Europe is being torn apart; divided by the aftershocks of the financial crisis, Europeans seem able to find common ground only in a common enemy. To hear Geert Wilders of the Netherlands or the U.K. Independence Party in Britain tell it, the crisis is not just about refugees: The influx of primarily Muslims is a threat to Western civilization itself, on par with the Arab invasions of the seventh century and the Ottoman invasions of the 16th.
It’s no coincidence that my country, Germany, has also seen a resurgence of a once-common, but more recently discarded, term: “das Abendland.” In English it is usually translated as “the Occident,” but its literal translation is quite poetic: “the Evening Land.” The far right uses it as a synonym for Western Europe and its values; the anti-immigrant movement that sprung up at the height of the refugee crisis, usually referred to by its acronym Pegida, is known in full as Patriotische Europäer gegen die Islamisierung des Abendlandes (“Patriotic Europeans Against the Islamicization of the West”).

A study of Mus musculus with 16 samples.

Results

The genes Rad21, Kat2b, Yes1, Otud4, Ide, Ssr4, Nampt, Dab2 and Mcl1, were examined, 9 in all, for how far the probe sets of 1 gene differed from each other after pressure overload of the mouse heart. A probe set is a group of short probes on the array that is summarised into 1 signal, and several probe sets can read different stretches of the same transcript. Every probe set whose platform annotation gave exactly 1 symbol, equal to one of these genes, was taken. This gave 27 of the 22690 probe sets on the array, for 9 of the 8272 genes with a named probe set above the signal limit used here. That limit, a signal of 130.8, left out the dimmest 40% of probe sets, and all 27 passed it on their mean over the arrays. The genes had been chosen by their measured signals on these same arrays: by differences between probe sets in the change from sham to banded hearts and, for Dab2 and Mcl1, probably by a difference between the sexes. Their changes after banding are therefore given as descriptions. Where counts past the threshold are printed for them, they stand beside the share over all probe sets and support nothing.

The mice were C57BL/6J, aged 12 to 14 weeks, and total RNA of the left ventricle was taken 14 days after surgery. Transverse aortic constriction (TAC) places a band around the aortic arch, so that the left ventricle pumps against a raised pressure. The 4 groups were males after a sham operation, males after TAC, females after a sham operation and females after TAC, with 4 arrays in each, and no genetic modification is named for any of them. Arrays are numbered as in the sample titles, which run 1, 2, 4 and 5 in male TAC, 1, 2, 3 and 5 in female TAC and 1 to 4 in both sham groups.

The term didn’t always have a sinister ring to it. Philosophy majors may recognize it from the German title of Oswald Spengler’s 1918-22 opus “Der Untergang des Abendlands,” usually translated, not quite accurately, as “The Decline of the West” (“Untergang” more accurately translates as “Downfall”).
Before that, “Abendland” was commonly used in the 19th century in connection with the rediscovery of the German past, specifically the music and architecture of the medieval period. The past and the homeland, “Heimat,” blurred together into the notion of a romantic Western European past, the Abendland, becoming a cultural and psychological bulwark against the disenfranchising anonymity of urban industrialization.